Looking at Winter Pictures
How we see the season impacts how we feel about it
“Art is a way of expanding our resonances, civilization our way of resonating to those expansions.” ― Adam Gopnik
How’s everyone doing out there? It’s 5 degrees in Madison today, and they’re predicting something like twelve inches of snow this week, so winter is definitely here. I grew up in Wisconsin, so I know winter well. For years, I grumbled about the snow and complained about how it complicated life's locomotion. Winter coats, icy windshields, slippery roads — all of it was an inconvenience, and it was easy to overlook the obvious beauty at this time of year.
A decade ago, Adam Gopnik published a book of essays, Winter: Five Windows on the Season, that changed my mind completely. His Winter essays look at how artists depict the season. Here’s how he describes the book on his site:
A taste for winter, a love of winter — “a mind for winter” — is, for many, a part of the modern human condition. In this stunningly beautiful meditation, Gopnik touches on a kaleidoscope of subjects, from the German romantic landscape to the politics of polar exploration to the science of ice. And in the end, he pays homage to what could be a lost season — and thus, a lost collective cultural history — due to the threat of global warming. Through delicate, enchanting, and intricate narrative detail, buoyed by his trademark gentle wit, Gopnik draws us into another magical world and makes us look at it anew.
Adam is one of my favorite writers because he always shows me a new way to think about something, and he did that here. I love this book and revisit it often. You can read about it in The Guardian and listen to Adam deliver one of his lectures in this CBC broadcast. It’s a beautiful book — check it out!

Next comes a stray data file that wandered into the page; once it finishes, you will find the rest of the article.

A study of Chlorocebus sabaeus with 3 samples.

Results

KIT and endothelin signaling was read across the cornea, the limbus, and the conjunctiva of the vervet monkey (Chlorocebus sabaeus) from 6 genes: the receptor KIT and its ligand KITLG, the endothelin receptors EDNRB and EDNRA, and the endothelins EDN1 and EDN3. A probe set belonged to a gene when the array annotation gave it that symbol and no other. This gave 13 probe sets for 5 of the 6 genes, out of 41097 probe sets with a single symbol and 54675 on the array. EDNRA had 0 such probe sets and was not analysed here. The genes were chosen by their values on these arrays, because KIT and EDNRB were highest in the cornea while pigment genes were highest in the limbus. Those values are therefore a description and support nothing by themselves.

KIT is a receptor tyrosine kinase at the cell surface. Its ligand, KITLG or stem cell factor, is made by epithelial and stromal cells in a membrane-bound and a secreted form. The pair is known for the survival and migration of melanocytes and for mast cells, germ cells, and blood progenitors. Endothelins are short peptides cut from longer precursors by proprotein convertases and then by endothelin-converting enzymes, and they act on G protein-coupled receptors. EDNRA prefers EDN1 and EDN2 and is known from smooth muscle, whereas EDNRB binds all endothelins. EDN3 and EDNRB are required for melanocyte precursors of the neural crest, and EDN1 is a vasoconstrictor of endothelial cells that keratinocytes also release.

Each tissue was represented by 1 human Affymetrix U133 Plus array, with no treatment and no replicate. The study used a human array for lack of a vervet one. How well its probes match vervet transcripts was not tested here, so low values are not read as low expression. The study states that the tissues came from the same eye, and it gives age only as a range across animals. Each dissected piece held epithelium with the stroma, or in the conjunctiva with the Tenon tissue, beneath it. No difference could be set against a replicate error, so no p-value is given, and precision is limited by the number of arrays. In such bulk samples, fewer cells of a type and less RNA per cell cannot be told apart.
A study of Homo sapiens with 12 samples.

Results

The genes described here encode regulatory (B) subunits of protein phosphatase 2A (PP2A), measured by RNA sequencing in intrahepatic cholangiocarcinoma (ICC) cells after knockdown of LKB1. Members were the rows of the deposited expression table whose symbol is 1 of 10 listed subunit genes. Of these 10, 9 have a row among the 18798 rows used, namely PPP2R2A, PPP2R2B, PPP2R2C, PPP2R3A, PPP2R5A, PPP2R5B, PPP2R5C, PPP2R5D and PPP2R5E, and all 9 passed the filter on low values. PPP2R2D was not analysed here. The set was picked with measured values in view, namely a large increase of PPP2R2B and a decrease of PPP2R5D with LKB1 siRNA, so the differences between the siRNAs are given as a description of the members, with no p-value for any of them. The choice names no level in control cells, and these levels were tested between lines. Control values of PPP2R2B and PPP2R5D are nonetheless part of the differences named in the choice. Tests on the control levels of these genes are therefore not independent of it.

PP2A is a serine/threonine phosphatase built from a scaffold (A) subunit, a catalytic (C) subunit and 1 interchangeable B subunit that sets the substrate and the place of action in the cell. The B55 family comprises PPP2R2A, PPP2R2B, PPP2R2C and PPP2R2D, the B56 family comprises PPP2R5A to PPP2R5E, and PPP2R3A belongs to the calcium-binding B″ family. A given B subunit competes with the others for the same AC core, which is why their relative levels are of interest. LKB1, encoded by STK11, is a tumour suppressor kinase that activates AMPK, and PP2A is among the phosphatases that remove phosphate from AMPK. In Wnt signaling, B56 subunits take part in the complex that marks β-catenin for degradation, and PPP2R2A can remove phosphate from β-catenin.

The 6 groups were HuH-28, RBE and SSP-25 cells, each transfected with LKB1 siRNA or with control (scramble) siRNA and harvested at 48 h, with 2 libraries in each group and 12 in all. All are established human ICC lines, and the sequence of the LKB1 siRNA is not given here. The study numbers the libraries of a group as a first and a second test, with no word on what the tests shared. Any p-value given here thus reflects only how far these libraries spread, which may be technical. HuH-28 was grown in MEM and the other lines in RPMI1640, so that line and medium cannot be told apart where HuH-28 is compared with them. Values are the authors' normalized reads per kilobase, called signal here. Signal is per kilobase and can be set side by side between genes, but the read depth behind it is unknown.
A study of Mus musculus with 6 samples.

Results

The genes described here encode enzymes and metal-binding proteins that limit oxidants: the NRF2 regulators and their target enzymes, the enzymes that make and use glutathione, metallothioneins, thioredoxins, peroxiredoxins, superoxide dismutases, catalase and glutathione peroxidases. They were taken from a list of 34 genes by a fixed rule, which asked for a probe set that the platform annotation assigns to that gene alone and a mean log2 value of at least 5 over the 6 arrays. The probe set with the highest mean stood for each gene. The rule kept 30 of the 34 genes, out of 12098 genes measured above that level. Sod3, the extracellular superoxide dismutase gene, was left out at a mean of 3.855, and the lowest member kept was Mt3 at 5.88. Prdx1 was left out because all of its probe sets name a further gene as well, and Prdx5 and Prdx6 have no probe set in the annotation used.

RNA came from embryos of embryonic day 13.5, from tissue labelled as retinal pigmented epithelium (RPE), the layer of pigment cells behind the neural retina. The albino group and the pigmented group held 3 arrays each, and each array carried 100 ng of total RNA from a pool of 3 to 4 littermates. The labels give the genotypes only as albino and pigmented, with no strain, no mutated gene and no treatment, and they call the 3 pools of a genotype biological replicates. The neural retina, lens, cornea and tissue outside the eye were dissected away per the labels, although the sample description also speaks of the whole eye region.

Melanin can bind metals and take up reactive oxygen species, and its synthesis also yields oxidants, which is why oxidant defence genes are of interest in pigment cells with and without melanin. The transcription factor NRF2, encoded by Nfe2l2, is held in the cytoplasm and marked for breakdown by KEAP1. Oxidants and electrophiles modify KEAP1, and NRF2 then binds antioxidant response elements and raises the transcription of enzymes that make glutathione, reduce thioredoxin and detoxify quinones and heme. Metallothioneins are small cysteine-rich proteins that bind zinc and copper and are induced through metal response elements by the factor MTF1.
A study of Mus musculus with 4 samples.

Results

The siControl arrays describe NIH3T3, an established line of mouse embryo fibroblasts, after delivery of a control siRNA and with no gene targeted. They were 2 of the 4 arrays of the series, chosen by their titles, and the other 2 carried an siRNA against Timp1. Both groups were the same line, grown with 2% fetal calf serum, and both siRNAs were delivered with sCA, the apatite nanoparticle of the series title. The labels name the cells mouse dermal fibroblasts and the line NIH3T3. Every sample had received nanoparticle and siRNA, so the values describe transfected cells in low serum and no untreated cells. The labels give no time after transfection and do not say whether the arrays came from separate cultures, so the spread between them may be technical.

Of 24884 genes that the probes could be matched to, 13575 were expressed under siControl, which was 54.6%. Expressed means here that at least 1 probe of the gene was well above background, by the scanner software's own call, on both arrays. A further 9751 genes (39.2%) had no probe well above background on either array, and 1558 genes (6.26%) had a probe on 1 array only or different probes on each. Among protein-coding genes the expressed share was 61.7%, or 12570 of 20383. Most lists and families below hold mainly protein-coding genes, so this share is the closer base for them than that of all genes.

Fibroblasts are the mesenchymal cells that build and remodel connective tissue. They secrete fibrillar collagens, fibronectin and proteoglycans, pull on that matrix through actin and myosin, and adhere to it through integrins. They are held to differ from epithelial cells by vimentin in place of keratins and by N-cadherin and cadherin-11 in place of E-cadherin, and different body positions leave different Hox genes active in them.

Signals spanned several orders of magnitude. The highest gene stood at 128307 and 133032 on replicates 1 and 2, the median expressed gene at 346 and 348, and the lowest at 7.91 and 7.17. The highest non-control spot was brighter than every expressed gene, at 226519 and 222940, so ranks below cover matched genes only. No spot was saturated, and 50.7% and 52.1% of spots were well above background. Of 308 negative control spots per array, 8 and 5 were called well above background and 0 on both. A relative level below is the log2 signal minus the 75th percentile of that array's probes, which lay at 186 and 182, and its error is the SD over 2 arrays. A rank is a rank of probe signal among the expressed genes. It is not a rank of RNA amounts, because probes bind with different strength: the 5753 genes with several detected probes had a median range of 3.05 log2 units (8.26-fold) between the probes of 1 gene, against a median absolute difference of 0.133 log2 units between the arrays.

Gopnik’s Winter essays inspired me to see the season through different eyes — less fussy, more open-minded, enthusiastic, and full of wonder. His book reminded me that how we see the world impacts how we feel about our circumstances in it. And so, in 2012, I organized my first Winter Pictures exhibition. I published it on the old FlakPhoto website, which has disappeared like so many online relics, so I can’t share it with you today. But, suffice it to say, I found that looking at images of this chilliest season gave me a new perspective on it and helped me appreciate the nuances and natural beauty surrounding us at this time of year. That’s a good thing.
Since then, I’ve shown Winter Pictures on Instagram and encouraged photographers to tag their images with the #flakphotowinter hashtag. (I’m doing it again this year, so please, consider tagging your pictures.) You can read more about how this works on my IG post:
It’s a tradition to send happy holidays emails and greeting cards at the end of the year, and I thought it would be fun to do something similar here on my Substack. So I’m going to curate a Winter Pictures newsletter that I’ll send in January, and I hope some of you will contribute by sending your seasonal photos my way.
You can reach me by replying to this email or emailing me directly with your Winter Pictures. If you have historical favorites, send those too. Feel free to DM me your photos on Instagram. I’m looking forward to hearing from you!
(I would love more folks to hear about this. Please share this post with your photography friends. You can find the link by touching the headline in your email.)
I’ll leave you with this: In 2019, Jon Feinstein invited me to co-curate a Humble Arts Foundation Group Show on the Winter Pictures theme. It was fun to collaborate with Jon — he even made a Winter Songs playlist!
I hope these links inspire you — I’m looking forward to seeing your stuff! Have fun with this, and stay warm, friends. Happy Christmas! I’ll see you in the New Year. ❄️🎄🌟
Physically I hate winter, but I find it visually compelling. It changes the landscape, creates a layer to look through and is, to me, more solitary and reflective.